Message From Maharashtra

Thursday’s swearing-in of the Shiv Sena supremo Uddhav Thackeray as the Chief Minister of Maharashtra came as a dramatic anti-climax of the month-long efforts to form the government in the state in the wake of  no party getting the majority in the Assembly polls. After staging a midnight coup to form the government with the allegedly written support of the NCP legislators, the BJP failed to get them to physically show their backing for the party. On the other hand, Congress, the NCP and Sena combine paraded all their MLAs in front of the media.  Following day the NCP leader Ajit Pawar who had given alleged signatures of support his party’s MLAs to the BJP resigned after Supreme Court called for an immediate floor test.  As a result, Devendra Fadnavis had to resign as Chief Minister within 72 hours paving the way for the formation of a coalition government in the state.

The outcome has been embarrassing for the BJP which being the majority party in the state was certain to form the government. The situation took a dramatic turn for the BJP after the ally Sena  demanded a 50:50 partnership in the new government.  Sena also sought a rotational chief ministership between the parties which the BJP rejected.  It is then that the Sena looked for an alternative arrangement with Congress and the NCP.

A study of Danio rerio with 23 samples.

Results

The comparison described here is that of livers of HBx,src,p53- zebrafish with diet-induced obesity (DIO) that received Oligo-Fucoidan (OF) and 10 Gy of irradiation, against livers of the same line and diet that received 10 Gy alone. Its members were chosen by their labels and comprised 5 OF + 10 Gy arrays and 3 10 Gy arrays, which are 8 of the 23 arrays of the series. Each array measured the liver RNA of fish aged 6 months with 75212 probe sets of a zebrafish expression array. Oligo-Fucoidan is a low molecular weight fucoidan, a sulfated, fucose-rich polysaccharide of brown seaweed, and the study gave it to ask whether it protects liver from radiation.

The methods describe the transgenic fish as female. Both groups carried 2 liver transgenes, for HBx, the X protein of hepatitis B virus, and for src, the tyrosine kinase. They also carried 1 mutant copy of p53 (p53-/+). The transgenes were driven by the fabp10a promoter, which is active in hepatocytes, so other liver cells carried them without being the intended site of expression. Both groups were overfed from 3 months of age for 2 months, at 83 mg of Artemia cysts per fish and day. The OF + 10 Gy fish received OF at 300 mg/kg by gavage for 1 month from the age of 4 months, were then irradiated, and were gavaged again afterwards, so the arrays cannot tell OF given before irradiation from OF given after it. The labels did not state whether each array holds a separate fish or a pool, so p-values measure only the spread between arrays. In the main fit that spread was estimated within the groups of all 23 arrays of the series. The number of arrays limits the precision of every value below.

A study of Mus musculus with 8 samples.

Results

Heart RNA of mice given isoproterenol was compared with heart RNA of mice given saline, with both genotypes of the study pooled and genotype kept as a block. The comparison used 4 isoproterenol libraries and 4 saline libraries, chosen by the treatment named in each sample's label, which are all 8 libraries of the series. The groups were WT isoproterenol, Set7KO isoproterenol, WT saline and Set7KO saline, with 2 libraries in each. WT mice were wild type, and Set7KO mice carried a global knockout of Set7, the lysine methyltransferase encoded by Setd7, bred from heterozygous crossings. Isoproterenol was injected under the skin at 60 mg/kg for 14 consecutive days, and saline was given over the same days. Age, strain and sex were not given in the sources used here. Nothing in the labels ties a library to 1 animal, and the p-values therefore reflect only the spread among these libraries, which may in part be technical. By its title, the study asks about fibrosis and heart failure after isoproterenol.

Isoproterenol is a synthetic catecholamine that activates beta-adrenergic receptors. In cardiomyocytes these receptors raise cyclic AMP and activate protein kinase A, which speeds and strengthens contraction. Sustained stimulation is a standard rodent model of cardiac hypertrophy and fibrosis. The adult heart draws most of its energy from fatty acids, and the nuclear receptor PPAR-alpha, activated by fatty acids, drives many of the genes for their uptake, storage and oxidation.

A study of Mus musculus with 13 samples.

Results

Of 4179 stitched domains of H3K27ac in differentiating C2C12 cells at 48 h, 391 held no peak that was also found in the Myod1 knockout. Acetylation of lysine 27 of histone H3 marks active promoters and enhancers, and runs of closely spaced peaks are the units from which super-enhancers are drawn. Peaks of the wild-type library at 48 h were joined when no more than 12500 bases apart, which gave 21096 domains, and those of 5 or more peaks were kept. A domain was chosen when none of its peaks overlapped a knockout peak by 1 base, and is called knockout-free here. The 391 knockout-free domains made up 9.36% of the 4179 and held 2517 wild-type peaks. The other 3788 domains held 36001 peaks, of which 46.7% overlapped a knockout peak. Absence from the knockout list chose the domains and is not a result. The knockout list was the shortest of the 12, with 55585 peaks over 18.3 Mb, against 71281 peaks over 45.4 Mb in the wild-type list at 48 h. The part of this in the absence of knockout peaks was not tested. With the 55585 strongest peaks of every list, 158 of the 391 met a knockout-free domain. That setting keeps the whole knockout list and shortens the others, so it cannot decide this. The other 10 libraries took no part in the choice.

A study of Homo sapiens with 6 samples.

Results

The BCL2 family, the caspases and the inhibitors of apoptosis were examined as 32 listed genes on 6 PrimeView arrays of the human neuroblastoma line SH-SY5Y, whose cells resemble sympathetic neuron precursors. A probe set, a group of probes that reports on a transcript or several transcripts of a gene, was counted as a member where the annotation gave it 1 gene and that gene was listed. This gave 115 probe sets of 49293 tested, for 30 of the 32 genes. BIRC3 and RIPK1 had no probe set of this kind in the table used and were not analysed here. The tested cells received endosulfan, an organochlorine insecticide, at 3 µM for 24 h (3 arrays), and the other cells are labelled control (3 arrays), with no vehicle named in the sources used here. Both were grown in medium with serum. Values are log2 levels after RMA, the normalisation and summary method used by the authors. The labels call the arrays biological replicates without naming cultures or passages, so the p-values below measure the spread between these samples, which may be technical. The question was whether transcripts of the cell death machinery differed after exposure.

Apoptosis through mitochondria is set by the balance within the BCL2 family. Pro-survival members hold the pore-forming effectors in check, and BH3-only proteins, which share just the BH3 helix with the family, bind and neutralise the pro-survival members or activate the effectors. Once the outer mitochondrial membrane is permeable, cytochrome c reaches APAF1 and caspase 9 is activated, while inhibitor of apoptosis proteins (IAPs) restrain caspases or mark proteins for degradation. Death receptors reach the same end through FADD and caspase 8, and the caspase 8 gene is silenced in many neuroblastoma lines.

This for the first time since the BJP’s rise to power at the national level in 2014 that the saffron party has been held back from attaining power or has been thwarted in this attempt by its own partner – and that too an ideological ally. Sena is seen as more Hindutva in its ideological outlook than the BJP. Not so far in the past, Thackeray had called for declaration of India as a Hindu rashtra and demanded imposition of the uniform civil code whereby the Muslim Personal Law which applies exclusively to Muslim community will cease to operate.

But Thackerays haven’t thought twice about parting ways with the BJP for power and even agreed to pledge his allegiance to the secular values in the common minimum programme with Congress and the NCP. The new coalition, although inherently fragile and prone to strain of ideological differences, is nevertheless seen as the first of its kind attempt by the opposition to stand up to an omnipotent BJP under Narendra Modi. This can give some confidence to the country’s battered opposition to start rethinking their strategy to take on the BJP. By sticking together to form the government, Congress, the NCP and Sena have demonstrated that the BJP is not so unassailable after all.